Know Your Risk for Colorectal Cancer
A risk factor is anything that increases your chance of getting a disease, such as cancer. You or someone you care about may have a risk factor for colorectal cancer. Some risk factors never change, such as your age, race, health history, and your genes. However, there are healthy habits you can start to do in your day-to-day that can lower your risk.
You may be at risk for colorectal cancer if you:
- Are age 45 or older.
- Have had precancer polyps (a small cluster of cells found on the inside of your colon) on a screening test.
- Have inflammatory bowel disease, such as ulcerative colitis or Crohn’s disease.
- Have a close blood relative who was diagnosed with colorectal cancer before they were age 50.
Have a family history of other cancers, such as stomach, urinary tract, pancreatic, uterine, and brain.
- Have certain changes in your genes, such as Lynch syndrome or familial adenomatous polyposis (A-deh-NOH-muh-tus PAH-lee-POH-sis). These conditions are rare causes of colon cancer that are hereditary (it runs in your family).
- Are overweight or obese.
Your race can also play a role in your risk for getting colorectal cancer. For example, in the United States, colorectal cancers affect the Black community at a higher rate than any other race.
What are the Symptoms of Colorectal Cancer?
Colorectal cancer often grows slowly over several years. It usually starts as a small abnormal (not normal) growth, called a polyp, on the inner lining of the colon or rectum. Some polyps later can become cancer. Most people with early colorectal cancer do not have any symptoms. If you notice changes in your body, do not ignore them. Colorectal cancer most often affects people ages 50 and older. But there’s an alarming rise in cases among people in their 20s and 30s. It’s important to understand what is normal for your body so you can speak up and get care.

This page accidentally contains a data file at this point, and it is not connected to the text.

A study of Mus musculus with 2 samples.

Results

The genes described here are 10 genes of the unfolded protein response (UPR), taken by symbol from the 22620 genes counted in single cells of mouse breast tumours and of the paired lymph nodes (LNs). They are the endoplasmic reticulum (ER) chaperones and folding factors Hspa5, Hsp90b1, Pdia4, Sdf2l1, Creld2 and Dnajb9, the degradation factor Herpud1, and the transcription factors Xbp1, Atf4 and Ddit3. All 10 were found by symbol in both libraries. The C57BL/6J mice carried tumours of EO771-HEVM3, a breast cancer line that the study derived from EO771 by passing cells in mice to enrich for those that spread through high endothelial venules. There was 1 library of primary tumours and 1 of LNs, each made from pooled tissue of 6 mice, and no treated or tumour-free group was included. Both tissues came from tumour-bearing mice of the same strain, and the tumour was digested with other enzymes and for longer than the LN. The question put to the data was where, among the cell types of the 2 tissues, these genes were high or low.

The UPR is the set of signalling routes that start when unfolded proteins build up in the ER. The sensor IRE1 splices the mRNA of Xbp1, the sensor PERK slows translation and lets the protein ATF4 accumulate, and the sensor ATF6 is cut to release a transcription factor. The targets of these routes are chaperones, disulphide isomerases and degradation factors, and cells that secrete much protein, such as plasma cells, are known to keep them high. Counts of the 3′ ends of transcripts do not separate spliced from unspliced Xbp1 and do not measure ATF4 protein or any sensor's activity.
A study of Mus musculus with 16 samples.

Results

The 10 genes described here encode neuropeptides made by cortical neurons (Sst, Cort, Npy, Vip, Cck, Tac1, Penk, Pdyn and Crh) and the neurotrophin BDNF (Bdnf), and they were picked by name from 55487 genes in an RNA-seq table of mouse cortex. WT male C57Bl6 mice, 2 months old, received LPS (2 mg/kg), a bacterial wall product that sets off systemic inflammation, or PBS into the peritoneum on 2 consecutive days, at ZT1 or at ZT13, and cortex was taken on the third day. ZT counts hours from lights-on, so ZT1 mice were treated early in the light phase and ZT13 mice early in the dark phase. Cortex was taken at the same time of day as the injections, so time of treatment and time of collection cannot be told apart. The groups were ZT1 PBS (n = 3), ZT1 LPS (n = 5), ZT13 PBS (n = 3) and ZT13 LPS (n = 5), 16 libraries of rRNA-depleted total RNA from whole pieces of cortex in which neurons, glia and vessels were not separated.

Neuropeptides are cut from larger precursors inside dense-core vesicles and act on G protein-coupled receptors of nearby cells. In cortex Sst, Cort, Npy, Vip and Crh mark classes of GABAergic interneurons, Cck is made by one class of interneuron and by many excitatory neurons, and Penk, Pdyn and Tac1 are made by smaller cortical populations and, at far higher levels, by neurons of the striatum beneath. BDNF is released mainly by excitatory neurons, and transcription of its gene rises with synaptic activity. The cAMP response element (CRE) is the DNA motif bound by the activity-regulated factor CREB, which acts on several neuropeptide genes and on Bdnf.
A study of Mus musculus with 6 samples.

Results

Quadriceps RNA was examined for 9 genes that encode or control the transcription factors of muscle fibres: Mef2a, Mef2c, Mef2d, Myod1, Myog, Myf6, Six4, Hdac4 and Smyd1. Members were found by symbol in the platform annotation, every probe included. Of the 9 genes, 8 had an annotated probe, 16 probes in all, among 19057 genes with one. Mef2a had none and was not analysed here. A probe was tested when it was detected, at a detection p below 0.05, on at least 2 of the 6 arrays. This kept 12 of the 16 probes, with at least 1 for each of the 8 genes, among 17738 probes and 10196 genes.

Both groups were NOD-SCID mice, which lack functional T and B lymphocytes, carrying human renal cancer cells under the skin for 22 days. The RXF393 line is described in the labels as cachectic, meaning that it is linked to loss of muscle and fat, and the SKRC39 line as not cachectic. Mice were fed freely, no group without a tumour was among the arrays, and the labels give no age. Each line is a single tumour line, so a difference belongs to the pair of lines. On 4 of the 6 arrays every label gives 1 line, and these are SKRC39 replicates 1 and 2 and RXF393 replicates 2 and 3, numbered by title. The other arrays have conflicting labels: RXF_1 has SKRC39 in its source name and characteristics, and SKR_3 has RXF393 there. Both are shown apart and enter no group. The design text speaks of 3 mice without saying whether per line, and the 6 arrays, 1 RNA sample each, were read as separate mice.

Make an appointment with your healthcare provider if you notice these symptoms and if they last for 2 weeks or longer:
- You see abnormal (not normal) bleeding from your rectum or blood in your stool (poop).
- You have diarrhea (frequent, loose stool), constipation (not being able to poop), or narrow stool (thin like a pencil).
- You feel an urge to poop that does not go away.
- You have pain in your abdomen (belly) that you can’t explain.
- You are losing weight quickly and without trying.
- You often feel tired but you don’t know why.
Why Colorectal Cancer Screening Matters
There are many different types of screening tests for colorectal cancer. A colonoscopy is a well-known and effective test. It can find and remove small growths, including precancer polyps, from the lining of your colon or rectum. This means getting a colonoscopy regularly can find and prevent cancer.
MSK recommends that people at average risk for colorectal cancer start getting screened at age 45. Learn more about colorectal cancer screening.
A colonoscopy is the best method for colorectal cancer screening. Other screening tests are available, such as ones that test your stool (poop). Stool tests are easier to do and can help find cancer. But they’re not as good as a colonoscopy at finding growths that can become cancer. Depending on the results of your stool test, your healthcare provider may recommend a colonoscopy.
Healthy Habits to Reduce Your Risk for Colorectal Cancer
When you turn age 45, it’s time to schedule a colonoscopy and get one every year.
In between your screening tests, MSK recommends following these healthy habits to lower your risk of colorectal cancer.
- Eat less red, processed, burned, blackened, or charred meats. Bacon, hot dogs, deli meats, pepperoni, and ham are all examples of processed meats. Charred meats are cooked at high temperatures over a live flame, such as a charcoal or gas grill.
- Talk with your healthcare provider about whether taking aspirin is right for you. Some people who regularly use aspirin or other nonsteroidal anti-inflammatory drugs (NSAIDS) may have a lower chance of getting colorectal cancer and polyps.
- Maintain a healthy weight for your body.
- Eat a variety of foods high in fiber, including whole grains, legumes (beans, nuts, peas), fruits and vegetables.
- Limit foods with added sugars and trans or saturated fat.
- Do not smoke or use tobacco products. MSK’s Tobacco Treatment Program has helped thousands of people to quit smoking. Our program is open to everyone, even if you do not have cancer.
- If you drink alcohol, limit how much you drink.
Actions You Can Take Today
- Learn about your risk for colorectal cancer.
- Know the symptoms of colorectal cancer and talk with your healthcare provider about any changes in your body.
- Get screened for colorectal cancer with regular colonoscopies after you turn age 45.
- Contact our MSK CATCH clinic if you have a known hereditary cancer syndrome, such as Lynch syndrome. We help people living with a hereditary cancer syndrome at high risk for cancer monitor themselves for changes in their health. Close surveillance and regular cancer screenings help find cancer early when it’s easier to treat.